2019 CISA Cybersecurity Summit – Themes and Impressions
Published: October 17, 2019
Top federal cybersecurity leaders from the Department of Homeland Security, the White House and others discussed key cyber challenges and efforts.
In anticipation of National Cybersecurity Awareness Month the Cybersecurity and Infrastructure Security Agency held its second annual CISA Cyber Summit late last month.
Themed “Defend Today, Secure Tomorrow,” the multi-day event featured keynotes and panels by high-profile government and industry professionals focusing on the current cybersecurity challenges, efforts and plans across the agency and the federal landscape and beyond. While the multi-track event covered wide-ranging topics from election security to 5G technologies a few key themes stood out to me.
From Proliferation to Optimization – The number and types of cybersecurity tools has grown massively in the last decade and agencies have adopted many of these in an attempt to make strides in their security posture. In the cybersecurity domain it seems that every agency is building the same cyber-defenses, while in other sectors, like physical security, the federal government has taken a more holistic approach by collaborating and leveraging its collective resources. A panel moderated by former White House Cybersecurity Coordinator Michael Daniel concluded that the cyber industry is entering its first phase of rationalization as the evolution of cyber-capacities is forcing agencies to step-back and evaluate what they have in place so they can decide how best to move forward. The optimization of cyber-capabilities is the next step in the evolution of maturing their cybersecurity postures.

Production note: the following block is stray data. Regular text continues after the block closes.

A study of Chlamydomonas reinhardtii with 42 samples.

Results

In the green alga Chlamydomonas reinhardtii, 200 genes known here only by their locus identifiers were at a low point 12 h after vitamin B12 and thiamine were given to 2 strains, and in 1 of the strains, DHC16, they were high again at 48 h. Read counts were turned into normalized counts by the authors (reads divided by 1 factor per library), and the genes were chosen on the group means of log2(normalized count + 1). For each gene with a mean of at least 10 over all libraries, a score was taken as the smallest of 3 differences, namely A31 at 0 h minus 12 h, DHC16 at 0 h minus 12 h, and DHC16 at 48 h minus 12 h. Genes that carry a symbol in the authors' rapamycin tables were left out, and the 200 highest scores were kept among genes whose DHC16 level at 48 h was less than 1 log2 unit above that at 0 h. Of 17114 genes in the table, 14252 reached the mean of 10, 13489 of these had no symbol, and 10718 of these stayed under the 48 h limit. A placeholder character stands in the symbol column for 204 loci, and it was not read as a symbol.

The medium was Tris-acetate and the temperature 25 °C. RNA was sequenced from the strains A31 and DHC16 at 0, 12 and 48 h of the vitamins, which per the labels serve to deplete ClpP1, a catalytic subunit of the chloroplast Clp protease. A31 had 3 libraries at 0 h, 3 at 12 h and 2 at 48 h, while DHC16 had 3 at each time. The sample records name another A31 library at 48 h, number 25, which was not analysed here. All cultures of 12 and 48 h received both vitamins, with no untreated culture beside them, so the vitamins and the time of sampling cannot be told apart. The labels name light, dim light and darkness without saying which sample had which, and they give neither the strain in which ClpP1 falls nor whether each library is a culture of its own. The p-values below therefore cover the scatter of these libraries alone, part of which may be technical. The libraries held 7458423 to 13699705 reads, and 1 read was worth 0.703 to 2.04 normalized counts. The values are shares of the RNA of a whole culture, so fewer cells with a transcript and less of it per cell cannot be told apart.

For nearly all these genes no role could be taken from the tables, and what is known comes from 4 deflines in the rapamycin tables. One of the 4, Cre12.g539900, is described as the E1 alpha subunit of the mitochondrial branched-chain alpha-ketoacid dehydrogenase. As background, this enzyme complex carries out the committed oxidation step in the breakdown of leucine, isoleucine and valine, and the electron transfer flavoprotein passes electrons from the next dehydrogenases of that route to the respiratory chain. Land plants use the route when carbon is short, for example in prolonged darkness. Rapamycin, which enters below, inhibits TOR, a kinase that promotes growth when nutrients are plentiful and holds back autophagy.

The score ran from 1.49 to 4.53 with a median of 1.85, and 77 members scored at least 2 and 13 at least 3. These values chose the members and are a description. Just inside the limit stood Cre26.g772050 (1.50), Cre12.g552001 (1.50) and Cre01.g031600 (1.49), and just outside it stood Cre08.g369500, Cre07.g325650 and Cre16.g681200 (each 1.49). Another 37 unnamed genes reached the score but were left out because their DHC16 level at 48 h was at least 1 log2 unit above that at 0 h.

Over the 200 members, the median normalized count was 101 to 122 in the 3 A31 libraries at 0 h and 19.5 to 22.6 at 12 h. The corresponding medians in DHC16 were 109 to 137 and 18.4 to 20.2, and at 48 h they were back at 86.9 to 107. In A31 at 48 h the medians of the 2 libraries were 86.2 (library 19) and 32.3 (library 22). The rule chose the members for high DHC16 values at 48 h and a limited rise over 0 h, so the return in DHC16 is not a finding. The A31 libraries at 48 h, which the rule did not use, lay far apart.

Maturation and Modernization – In describing current federal cybersecurity priorities CISA Assistant Director Jeanette Manfra emphasized operationalizing risk management (RM), re-architecting federal systems and moderation, and identifying what to systems, functions and processes to centralize. Donna Dodson, Chief Cybersecurity Advisor at the National Institute of Standards and Technology (NIST) said some of their highest priorities include increasing automation, securing the Internet of Things (IoT), improving identity management, and improving the security of software.
Shore up Supply Chain Security – CISA Director Christopher Krebs highlighted the White House’s May Executive Order on Securing the Information and Communications Technology and Services Supply Chain in his opening remarks and the theme was picked up by multiple panels throughout the event. Members of the Information and Communications Technology (ICT) Supply chain Risk Management (SCRM) Task Force noted their work on making key acquisition recommendations, establishing which criteria is useful to identify threats to/from supplier, products, services, etc. as well as identifying appropriate and effective SC threat information sharing processes. On a panel addressing improved cybersecurity of industrial control systems CISA’s Manfra took the SC issue beyond technical aspects, arguing that suppliers need to know the 2nd and 3rd level of their supply chain, not just technical elements, but business ownership.
There were other important topics interspersed throughout the many panels, including data security and leveraging analytics, cloud security, and dealing with emerging technologies, but discussing those will have to wait for another day.
Overall, the CISA event left a mix of impressions – from concern over the challenges that lay ahead and the risks at stake to an appreciation for how far agencies have come and the collaborations that are underway.